One of the most common questions I’m asked by runners is, “When I’m training for a marathon, how can I break the boredom and get through my long runs?” For many this time comes when sounds like you’re hitting the peak mileage of your training season and a phase where things can start to feel ho-hum. The good news is there are several ways to spice up your long run routine and revive your motivation. Try one of these strategies on your next long run.
1. Run in Circles
This is a tried and true approach to make the long run feel a bit easier, but I wanted to share it here because it totally works. Repeat a short four- to five-mile loop or out and back trail to get in the distance. This may sound like torture, but the truth is it makes the time fly by. It breaks up the longer distance into smaller bits, and you can stash a cooler with fluid refills, energy fuel, and an icy towel in your car or the bushes so you carry less on you (and have something to look forward to along the way).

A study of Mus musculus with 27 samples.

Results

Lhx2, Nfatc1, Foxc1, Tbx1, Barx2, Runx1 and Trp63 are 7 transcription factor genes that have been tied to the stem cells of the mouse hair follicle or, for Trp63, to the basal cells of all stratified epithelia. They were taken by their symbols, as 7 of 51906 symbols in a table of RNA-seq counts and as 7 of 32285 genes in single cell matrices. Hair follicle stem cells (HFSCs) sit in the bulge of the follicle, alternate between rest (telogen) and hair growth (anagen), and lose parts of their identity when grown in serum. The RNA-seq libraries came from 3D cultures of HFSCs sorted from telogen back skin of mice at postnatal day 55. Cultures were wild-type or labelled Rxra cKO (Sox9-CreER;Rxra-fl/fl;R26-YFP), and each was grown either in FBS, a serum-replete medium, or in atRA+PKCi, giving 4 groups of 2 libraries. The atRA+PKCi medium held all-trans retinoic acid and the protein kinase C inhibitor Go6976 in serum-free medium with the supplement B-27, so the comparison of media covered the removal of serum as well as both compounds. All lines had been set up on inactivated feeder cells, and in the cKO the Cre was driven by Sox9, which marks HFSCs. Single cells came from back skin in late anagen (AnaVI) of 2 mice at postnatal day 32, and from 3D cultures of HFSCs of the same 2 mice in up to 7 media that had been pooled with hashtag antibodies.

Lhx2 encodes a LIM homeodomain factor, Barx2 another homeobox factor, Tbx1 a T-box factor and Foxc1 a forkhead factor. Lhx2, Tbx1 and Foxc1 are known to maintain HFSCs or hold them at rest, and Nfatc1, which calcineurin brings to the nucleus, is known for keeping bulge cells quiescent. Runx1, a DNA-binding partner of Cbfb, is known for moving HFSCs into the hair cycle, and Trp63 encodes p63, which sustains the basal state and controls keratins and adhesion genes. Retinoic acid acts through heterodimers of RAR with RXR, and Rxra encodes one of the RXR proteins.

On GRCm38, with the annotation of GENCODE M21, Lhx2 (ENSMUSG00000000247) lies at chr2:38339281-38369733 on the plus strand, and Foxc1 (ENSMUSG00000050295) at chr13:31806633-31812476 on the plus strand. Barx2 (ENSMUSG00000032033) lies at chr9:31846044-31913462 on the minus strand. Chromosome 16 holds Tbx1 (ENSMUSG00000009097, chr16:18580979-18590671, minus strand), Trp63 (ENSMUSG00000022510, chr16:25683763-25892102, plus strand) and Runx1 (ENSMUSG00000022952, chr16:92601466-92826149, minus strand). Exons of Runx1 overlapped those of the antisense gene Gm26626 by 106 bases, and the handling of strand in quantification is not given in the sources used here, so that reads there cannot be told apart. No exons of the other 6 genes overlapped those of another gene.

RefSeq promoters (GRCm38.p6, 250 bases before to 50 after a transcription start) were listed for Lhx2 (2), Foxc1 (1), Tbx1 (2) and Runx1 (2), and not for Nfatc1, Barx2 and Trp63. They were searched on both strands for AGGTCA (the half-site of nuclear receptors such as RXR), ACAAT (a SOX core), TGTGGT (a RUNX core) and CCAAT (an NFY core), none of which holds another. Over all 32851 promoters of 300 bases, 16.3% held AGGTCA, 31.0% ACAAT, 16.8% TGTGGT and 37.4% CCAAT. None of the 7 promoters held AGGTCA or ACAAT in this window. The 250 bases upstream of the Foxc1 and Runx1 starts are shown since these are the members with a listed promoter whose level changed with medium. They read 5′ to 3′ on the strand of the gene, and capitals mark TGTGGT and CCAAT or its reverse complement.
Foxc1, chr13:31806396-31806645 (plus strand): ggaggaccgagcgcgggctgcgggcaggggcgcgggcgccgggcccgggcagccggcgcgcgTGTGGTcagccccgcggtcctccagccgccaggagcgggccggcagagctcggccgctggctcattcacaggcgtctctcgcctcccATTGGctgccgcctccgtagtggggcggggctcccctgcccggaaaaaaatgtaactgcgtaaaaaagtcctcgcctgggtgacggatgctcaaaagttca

2. Simulate Your Race Course
By simulating the race, it makes things a bit more real and can freshen up your focus. Design a course that simulates your marathon course and treat it as a dress rehearsal. Practice your prerace dinner and breakfast, lay out your clothes, and start at the same time as the race starts. If you’re training for a hilly course, hit the hills. Don’t have hills? Break your long run into sections by running a few kilometres outside, then do some hills on the treadmill, and then head back outside. This also works well for dealing with the heat. You can run the early kilometres outside, and the later kilometres inside. (If you need a great workout for those kilometres inside, check out the new on-demand treadmill training from Runner’s World.)
3. Get Creative
Create an inspiring playlist with music, books, or podcasts. I save my favourite listens for my longer workouts, and I can’t wait to get out, get moving, and listen. Invest the first three kilometres to listening to your body and getting into your easy, conversational effort, and then hit the play button and hold that run steady. I do some of my best brainstorming and thinking when listening to music and audio on my longer runs.
4. Mix it Up
Sometimes just running your go-to course backward can make all the difference. One year I had it with my regular loops and I packed my training vest with enough fuel and fluid for a run. Then I hailed a taxi and took it 32 kilometres in a different direction so I had no choice but to run back home on a different route. It was a blast to navigate, and it felt like I had run somewhere.